Last October, the government shutdown dominated headlines as legislators bickered over passing bills to fund the government as a way to exercise their political muscles. This year, the economy's growth (even though a slight stock market decline has investors concerned) has tabled any discussion about funding bills.
With that, the cost of living adjustment (COLA) was recently announced by the Social Security Administration (SSA). According to ABC News, the 1.7 percent increase will be the third straight of historically small increases, and the seventh time that a COLA has been less than two percent. Next year's increase will amount to about $20 more per month for most benefits recipients.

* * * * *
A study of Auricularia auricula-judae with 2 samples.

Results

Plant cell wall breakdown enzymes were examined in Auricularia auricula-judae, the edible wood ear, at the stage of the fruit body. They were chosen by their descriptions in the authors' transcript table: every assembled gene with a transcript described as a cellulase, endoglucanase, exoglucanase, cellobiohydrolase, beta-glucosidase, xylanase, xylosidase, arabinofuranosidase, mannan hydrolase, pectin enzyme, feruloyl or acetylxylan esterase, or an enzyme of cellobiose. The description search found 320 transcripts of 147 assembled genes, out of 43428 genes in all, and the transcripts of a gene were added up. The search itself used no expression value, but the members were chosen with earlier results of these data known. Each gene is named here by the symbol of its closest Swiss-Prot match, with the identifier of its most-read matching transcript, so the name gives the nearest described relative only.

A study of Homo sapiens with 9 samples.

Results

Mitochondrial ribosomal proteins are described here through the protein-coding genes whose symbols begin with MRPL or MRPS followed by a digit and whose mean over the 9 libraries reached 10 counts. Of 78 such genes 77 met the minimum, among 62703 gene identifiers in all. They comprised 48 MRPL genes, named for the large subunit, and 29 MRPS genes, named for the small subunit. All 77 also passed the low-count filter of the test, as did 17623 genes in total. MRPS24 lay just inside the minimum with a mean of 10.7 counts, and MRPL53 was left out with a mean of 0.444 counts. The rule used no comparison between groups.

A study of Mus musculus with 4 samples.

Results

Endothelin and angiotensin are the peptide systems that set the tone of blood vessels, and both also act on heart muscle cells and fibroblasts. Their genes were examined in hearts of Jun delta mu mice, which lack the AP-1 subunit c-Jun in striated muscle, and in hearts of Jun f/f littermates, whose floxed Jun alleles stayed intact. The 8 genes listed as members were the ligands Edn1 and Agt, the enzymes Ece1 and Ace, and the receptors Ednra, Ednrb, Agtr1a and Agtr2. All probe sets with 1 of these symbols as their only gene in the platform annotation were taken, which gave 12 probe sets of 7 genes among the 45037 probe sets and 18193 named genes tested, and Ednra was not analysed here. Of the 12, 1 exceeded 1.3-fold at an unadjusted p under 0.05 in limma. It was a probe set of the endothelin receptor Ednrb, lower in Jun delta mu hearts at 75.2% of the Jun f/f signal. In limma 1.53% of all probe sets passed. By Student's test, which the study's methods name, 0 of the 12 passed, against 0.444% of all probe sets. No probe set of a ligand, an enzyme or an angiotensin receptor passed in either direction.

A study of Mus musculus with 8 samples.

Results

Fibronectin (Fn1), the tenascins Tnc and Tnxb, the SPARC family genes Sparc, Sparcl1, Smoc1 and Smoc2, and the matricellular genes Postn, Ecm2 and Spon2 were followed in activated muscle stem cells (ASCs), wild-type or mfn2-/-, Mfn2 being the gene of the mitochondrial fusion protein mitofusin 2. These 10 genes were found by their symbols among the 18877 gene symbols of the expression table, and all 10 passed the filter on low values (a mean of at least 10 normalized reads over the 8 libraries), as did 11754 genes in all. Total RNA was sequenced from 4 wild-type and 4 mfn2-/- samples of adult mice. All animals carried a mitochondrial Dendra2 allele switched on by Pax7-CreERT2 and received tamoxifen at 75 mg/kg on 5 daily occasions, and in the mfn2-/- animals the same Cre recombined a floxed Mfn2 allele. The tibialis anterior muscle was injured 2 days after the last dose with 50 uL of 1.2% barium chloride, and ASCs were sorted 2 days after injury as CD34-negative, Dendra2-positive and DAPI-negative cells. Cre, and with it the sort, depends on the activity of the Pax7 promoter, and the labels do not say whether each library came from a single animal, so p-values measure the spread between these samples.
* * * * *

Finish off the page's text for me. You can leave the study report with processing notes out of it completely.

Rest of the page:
The adjustment will apply to 4 million disabled veterans, 8 million who receive Supplemental Security Income, as well as 2.5 retirees from the federal government. With the increase, the average benefit will amount to about $1,192.
Cost of living increases were mandated by law in 1975 so that people who receive Social Security benefits as their sole source of income could maintain buying power to survive cost increases caused by inflation. COLA increases are based on changes in the Consumer Price Index for Urban Wage Earners, which is a broad measure of consumer prices and measures changes for food, housing, clothing, energy and medical care; among other things that consumers regularly consumed.
While a small increase is theoretically better than no increase at all, those who rely solely on Social Security benefits may feel that the increase in benefits may not help at all. While gas prices are down (for now), other costs are up, including prescription medicines.